When James Madison warned that “no nation can preserve its freedom in the midst of continual warfare,” he was referring to the corrupting influence of unchecked power on leaders. Since the Korean War ended 60 years ago, the world has backed away from war as an instrument of national policy. Tactics have changed to guerrilla warfare, air strikes, drones and house raids; yet all these share moral ambiguities. Unchecked power lurks in the shadows.
If the United States wants to lead and bring about what St. Augustine called the “tranquility of order,” it should first examine its own conscience. The United States has earned worldwide respect for its help to victims of hurricanes and earthquakes. But today, especially in the Middle East and the undeveloped world, the dominant image of America is negative. Why? There are three related reasons: overwhelming U.S. military presence, the drone syndrome and a wobbling commitment to human rights.
The United States maintains approximately 1,000 military bases around the world. And when U.S. troops “withdraw” from Afghanistan, at least 10,000 troops may remain, along with thousands of civilian operatives, to protect U.S. interests in resources and to expand U.S. power. This will cost billions that could be invested better at home.
Many of these bases house the drones that redefine how 21st-century wars will be fought. Drones also expand executive power to a dangerous degree. Robots kill the enemy without endangering American troops or contractors who may operate the weapons from thousands of miles away. But drones also obfuscate the responsibility of the faceless technicians and White House lawyers for their deadly results, and they raise factual and moral questions that the president declines to discuss. After President Obama’s announcement that the United States had killed Anwar-al-Awlaki, a U.S. citizen, in a drone attack, his press secretary sputtered helplessly when a reporter pressed for evidence that justified the order to target an American citizen abroad. A week later another drone reportedly killed another U.S. citizen, Mr. Awlaki’s 16-year-old son.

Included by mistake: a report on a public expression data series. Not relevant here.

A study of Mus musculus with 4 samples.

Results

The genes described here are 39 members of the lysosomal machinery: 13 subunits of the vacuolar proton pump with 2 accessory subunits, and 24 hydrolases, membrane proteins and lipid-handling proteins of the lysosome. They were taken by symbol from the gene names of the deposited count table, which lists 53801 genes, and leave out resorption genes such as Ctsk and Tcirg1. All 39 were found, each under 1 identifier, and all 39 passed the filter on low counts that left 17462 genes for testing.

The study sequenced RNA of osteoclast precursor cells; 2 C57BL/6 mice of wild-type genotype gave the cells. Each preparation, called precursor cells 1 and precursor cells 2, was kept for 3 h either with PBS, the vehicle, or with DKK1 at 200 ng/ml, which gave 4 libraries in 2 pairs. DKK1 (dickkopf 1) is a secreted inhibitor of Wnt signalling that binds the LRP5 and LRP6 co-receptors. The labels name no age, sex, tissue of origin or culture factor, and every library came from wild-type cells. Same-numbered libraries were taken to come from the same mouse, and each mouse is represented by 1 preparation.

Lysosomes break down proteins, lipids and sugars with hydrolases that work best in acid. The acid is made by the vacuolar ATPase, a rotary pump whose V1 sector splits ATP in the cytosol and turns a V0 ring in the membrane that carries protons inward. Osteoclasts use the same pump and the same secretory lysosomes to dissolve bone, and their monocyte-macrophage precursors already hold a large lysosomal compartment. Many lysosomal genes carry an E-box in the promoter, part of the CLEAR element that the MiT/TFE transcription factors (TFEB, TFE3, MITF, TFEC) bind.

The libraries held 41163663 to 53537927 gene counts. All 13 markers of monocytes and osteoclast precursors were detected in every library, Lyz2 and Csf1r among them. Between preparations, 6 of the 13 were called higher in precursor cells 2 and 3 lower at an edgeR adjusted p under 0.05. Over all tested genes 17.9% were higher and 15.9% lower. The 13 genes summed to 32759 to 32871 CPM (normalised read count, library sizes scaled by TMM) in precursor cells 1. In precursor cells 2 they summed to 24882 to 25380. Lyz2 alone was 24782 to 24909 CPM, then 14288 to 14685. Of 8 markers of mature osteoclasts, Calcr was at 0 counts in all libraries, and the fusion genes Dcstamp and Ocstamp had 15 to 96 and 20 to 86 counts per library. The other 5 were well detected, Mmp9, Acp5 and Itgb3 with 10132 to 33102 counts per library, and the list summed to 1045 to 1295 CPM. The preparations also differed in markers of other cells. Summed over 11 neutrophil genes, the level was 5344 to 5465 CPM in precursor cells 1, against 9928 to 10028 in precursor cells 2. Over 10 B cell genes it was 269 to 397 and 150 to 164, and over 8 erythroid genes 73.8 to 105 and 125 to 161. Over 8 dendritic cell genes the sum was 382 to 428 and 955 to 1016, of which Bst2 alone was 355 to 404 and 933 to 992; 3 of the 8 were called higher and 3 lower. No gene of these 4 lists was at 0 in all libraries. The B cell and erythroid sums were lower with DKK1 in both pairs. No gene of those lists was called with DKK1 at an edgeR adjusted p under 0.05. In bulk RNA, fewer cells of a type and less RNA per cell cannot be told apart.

Spokesmen for the Central Intelligence Agency have stressed the accuracy of drones. Yet the Awlaki strike killed at least eight persons, not just the two usually named. According to Global Research, based in Canada, out of the 44 drone strikes in the tribal area of Pakistan over the previous 12 months, only five hit their targets. They killed five key Al Qaeda and Taliban leaders, but at the cost of over 700 civilian lives.
Since 9/11 the C.I.A., now under General David Petraeus, has transformed itself from an intelligence-gathering organization into a paramilitary unit. The C.I.A. has embedded agents in the New York City police force to help infiltrate the Muslim community. And 20 percent of the C.I.A.’s staff members are now “targeters,” who draw up lists of people the C.I.A. will try to kill—by drones, land mines or other means—without the accountability expected of the military.
Today the Air Force trains more unmanned aerial vehicle operators than it does pilots. Robotic researchers design control panels modeled on video games so that 19-year-old recruits who have been playing “Kill Zone” and “Assassin’s Creed” can apply their skills in the real world. The future operator will have to control multiple drones rather than one. Military planners hope technology will develop drones that can be programmed to make life-or-death combat decisions by themselves, at the projected cost of $94 billion over 10 years. By then many of the 50 countries that have acquired drones will have the capacity to destroy enemies from afar. Will they follow America’s moral example?
The United States must extricate itself from the 10-year-old mentality that the journalist Mark Danner has called “the state of exception.” That exception has allowed the distinction between politics and law to become blurred. Being “at war” has led to the setting aside of long-held wartime limits and to violations of human rights. And that exception has allowed the United States to torture, waterboard, assassinate and incarcerate suspected enemies indefinitely in Abu Ghraib, in secret prisons abroad and in Guantánamo, still a symbol of U.S. irresolution.
That former Vice President Dick Cheney would praise President Obama for killing Mr. Awlaki and in the same interview criticize him for not approving the Bush-Cheney “enhanced interrogation techniques” exemplifies the national conscience still stuck in the moral mud. The government and the American people must acknowledge that this struggle against terrorism is a police action, not a war. Police are supposed to enforce the law, not bend it. The more the United States fails to follow this rule, the more its conscience shrinks, until it resembles that of the enemy who would drag America down.